Some say the Sky is falling in after BT Sport's hijacking of the Champions' League broadcasting rights. Yet without the satellite platform we might not have seen Sachin Tendulkar's 200th and final Test match (Sky Sports 2, Thursday). They have been faithfully delivering cricket from all corners of the old empire since early 1990, coinciding with all but three months of the Little Master's remarkable 24-year career.
Not all of it has involved England either, far from it. Sky Sports' pundits have got up in the small hours to keep Charles Colvile company and pontificate about Yuvraj Singh and Dale Steyn and even Mpumelelo Mbangwa without batting a heavy eyelid. Cricket-aholics have drunk their fills and spills, and this is their champagne moment.
Certainly in the studio Dominic Cork looked like he was about to pop, while Rob Key seemed fit to burst too – but then he always does. Everyone was rather tripping over themselves as the clock counted down from 200 in the appropriately named Wankhede Stadium. Colvile asked cryptically: "How on earth are we ever going to expect to see anything different, or the same, from Sachin when we consider life in the future?" Over on the local broadcaster Star, Harsha Bhogle intoned mystifyingly: "On a misty Mumbai morning it's all drawing to a close. The sun is setting on one of Mumbai's favourite sons." By this time Key must have wondering if he was meeting himself going to bed.
It was a good job they were counting down from 200 because Tendulkar had to rush back up the long flight of steps to the dressing-room to retrieve the special cap he had just been presented with. It's a dash that many England players have made in the past, though for a different reason. No need to hurry; the West Indies opener Chris Gayle is so laid-back that he hadn't reached the crease by the time the countdown expired.
Tendulkar is probably as close as a sportsman can get to being a god – Sir David Beckham please note, you've got nothing on Sachin and his billion or so worshippers (see below) – and it seemed that some higher power was writing the script: Gayle hit the first ball of the match straight to Tendulkar at square leg; a huge cheer went up. He threw it to his team-mate and his shades fell to the ground; another huge cheer. Has anyone ever received such a rapturous reception when their glasses fell off?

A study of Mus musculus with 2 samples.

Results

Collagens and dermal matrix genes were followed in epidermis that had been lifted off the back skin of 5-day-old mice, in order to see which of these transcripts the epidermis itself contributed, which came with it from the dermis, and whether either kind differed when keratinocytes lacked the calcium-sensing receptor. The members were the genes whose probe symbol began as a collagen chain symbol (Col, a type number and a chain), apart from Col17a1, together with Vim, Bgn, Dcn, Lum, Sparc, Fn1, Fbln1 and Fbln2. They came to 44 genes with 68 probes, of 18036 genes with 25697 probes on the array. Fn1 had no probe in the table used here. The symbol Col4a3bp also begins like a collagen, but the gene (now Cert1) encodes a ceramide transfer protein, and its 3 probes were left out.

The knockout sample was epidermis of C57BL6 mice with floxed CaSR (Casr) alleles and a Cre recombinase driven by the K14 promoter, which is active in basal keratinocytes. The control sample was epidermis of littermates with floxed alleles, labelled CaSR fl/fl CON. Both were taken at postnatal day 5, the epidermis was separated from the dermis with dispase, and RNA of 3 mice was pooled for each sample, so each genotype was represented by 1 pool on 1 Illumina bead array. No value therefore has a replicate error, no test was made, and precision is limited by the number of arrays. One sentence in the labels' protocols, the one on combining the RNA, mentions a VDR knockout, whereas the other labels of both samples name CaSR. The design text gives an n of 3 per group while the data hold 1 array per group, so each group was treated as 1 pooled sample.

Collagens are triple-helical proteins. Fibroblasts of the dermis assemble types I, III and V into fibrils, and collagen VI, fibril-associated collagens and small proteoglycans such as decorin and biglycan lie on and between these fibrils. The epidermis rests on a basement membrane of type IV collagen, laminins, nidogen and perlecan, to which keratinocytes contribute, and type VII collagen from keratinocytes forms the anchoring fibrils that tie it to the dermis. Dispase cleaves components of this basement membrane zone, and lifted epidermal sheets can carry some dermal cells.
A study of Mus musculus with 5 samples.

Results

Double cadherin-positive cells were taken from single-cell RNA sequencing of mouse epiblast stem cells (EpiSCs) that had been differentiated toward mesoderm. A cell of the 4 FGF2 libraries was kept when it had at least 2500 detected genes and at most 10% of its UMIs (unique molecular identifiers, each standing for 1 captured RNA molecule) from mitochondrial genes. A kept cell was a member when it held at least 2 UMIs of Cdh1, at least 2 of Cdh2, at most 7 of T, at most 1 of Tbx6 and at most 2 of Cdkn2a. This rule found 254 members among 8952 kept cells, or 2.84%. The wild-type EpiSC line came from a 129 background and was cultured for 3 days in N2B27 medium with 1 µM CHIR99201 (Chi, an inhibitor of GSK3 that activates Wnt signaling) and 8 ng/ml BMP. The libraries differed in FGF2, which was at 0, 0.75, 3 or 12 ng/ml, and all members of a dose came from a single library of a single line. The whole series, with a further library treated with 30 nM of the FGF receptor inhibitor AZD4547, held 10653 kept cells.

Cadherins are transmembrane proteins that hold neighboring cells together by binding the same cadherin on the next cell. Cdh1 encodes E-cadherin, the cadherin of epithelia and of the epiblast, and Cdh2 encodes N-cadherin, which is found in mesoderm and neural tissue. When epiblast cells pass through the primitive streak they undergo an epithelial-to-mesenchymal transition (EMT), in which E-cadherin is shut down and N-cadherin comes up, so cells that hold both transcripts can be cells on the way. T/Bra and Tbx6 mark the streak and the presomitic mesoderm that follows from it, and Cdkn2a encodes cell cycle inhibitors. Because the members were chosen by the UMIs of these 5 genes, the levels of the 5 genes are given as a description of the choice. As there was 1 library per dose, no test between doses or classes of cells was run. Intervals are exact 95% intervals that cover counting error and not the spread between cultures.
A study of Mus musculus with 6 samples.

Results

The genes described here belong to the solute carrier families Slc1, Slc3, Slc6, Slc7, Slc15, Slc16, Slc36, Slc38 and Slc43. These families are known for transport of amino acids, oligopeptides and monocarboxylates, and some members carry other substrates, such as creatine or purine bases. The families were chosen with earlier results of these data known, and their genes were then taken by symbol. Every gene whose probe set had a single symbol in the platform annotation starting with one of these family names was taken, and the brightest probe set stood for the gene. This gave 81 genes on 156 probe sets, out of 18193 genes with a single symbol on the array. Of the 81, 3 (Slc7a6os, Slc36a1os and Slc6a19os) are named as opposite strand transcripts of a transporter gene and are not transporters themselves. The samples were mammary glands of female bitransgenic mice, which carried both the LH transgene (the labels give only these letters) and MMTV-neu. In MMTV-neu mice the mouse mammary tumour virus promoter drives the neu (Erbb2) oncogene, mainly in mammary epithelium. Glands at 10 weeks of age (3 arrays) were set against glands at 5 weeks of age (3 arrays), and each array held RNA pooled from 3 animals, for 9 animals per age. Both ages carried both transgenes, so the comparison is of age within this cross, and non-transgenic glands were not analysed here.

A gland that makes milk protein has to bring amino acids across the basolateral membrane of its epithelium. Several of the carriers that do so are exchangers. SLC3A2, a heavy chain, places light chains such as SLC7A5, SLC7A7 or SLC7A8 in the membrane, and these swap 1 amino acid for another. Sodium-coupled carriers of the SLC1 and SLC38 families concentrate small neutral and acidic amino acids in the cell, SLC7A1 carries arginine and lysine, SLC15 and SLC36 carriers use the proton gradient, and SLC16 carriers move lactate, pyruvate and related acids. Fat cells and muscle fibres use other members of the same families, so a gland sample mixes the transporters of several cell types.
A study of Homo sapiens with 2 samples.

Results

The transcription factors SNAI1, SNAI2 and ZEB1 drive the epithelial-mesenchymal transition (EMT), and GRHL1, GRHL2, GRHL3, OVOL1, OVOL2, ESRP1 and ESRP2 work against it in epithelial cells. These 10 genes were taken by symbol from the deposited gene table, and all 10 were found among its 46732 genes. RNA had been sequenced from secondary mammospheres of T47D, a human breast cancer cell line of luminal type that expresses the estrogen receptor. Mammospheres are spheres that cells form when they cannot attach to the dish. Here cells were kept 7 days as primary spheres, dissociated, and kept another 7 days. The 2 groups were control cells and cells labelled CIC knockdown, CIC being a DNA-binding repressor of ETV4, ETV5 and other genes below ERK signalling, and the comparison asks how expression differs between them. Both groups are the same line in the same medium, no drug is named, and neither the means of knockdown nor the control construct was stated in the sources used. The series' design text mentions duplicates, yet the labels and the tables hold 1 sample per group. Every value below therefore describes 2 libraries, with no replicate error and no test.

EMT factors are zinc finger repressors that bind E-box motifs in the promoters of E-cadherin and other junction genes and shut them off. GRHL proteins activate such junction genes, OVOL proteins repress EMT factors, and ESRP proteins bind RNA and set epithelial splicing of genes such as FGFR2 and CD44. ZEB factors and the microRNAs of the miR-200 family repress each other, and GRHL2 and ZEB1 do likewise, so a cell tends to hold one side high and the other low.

Four hours later, the little big man came out to bat and was roared to the crease. It was an extraordinary moment. He was accorded a guard of honour and even the two umpires joined in. One of them, Nigel Llong, had erroneously given him out in the previous game; this time he was no doubt keeping his index finger firmly in his pocket. Otherwise an entire city would have burned. But it made clapping a bit difficult.
Colvile had recalled John Arlott's commentary on the last innings of Don Bradman. After he had been applauded all the way to the wicket and given three cheers by England, Arlott mused: 0"I wonder how you see the ball at all." The Don, of course, got a duck, thereby missing out on the four runs he needed to end up with an average of exactly 100.
Sachin, meanwhile, took a wild heave at his third ball and squirted it down to deep square leg. It might have been the ugliest shot this most elegant of batsmen had ever played. A moment of madness, but he was up and running. A billion people signed with relief; the resulting wind would have put out the biggest of fires.
Tendulkar was in imperious mood, as it happened. And even when his partner scored a run there was loud acclaim as it meant their man was back on strike. He looked certain to get a century but it was not to be. He is obviously not the only god. When he was out, for a second the deathly quiet was deafening. The tumult returned as he trudged back to the pavilion. And the rest was silence.